SALEM -- Unlike auctions, estate sales are totally unregulated by any city, state or federal agency. That could change as a bill may be introduced in the upcoming legislative session.
Marie Walsh hopes the bill passes after going months without hearing a thing from the man who sold her worldly possessions or getting any money.
“I never got any money from anything he sold, nothing, not even a penny,” Walsh said.
He had worked with Bill Mann, owner of Oregon Estate Services. Fred Boss with the Department of Justice said, “We've had about ten complaints [on Estate Services] in recent times.”
When asked if it’s considered theft, Boss said, “They have not been outright thieves, but they've delayed returning the property. They've delayed issuing the funds and sometimes whether it [the money] was adequate.”
Walsh’s son, Al Lyons is an attorney in Salem and he said Mann did not return any of their calls until KGW got involved.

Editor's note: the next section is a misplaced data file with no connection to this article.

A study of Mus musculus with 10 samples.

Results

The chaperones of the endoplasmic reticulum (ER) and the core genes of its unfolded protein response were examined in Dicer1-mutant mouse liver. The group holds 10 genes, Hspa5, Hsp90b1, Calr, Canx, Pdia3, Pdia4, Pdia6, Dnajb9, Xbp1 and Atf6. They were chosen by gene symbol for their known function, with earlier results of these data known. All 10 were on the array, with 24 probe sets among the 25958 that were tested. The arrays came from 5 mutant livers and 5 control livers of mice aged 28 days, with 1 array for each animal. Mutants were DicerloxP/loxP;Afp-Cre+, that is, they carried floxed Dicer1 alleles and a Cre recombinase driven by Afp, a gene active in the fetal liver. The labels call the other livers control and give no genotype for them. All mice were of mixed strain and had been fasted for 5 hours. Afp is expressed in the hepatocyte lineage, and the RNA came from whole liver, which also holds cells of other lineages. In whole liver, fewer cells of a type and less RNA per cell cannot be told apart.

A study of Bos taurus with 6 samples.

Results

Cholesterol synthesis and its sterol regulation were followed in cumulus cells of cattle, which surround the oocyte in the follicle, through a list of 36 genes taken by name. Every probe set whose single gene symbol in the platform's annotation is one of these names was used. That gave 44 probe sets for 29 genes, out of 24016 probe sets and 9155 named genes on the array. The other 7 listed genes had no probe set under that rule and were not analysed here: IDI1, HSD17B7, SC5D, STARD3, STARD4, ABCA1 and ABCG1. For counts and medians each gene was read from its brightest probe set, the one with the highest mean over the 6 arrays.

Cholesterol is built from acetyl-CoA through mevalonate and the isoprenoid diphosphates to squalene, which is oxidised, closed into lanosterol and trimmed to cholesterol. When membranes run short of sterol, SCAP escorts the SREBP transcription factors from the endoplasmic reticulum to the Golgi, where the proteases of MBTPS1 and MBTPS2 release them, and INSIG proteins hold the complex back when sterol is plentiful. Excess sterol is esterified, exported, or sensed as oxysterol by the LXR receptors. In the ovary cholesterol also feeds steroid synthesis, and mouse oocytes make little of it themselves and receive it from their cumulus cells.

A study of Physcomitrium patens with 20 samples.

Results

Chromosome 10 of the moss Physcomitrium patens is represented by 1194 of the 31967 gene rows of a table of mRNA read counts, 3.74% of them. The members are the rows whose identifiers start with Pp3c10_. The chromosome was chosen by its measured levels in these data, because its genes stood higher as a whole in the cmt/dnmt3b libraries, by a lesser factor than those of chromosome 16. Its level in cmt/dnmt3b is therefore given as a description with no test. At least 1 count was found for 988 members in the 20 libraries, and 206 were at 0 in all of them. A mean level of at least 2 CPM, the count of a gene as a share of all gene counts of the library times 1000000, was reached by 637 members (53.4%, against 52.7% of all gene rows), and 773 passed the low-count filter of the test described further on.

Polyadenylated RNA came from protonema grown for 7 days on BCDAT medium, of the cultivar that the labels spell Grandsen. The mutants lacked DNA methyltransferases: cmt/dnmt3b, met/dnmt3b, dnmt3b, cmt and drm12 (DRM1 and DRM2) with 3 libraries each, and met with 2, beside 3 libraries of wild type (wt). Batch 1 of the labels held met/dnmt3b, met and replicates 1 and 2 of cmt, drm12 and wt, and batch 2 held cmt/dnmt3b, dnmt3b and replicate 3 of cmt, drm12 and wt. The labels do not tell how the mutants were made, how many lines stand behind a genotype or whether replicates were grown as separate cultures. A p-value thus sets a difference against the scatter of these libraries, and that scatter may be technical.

Walsh’s step-son, Bob Walsh said, “Marie had lots of neat stuff, I would say the $10,000 estimate our realtor gave us for her things is fair, if not low.
Mrs. Walsh hired Mann to sell the possessions she left behind at her King City townhouse after she moved to an assisted living apartment last April. After that sale, she said she left multiple messages for Mann, but he never returned any calls until KGW got involved.
Only then did Mann agree to meet with the family to go over their inventory and pay them for the things he sold. But Mann never met with the family and never gave KGW an interview after he said he would.
Instead Mann sent Walsh’s son in Salem a check for $1,800.
“It’s not near enough to cover what he sold so we’re going after him to pay more,” Lyons said.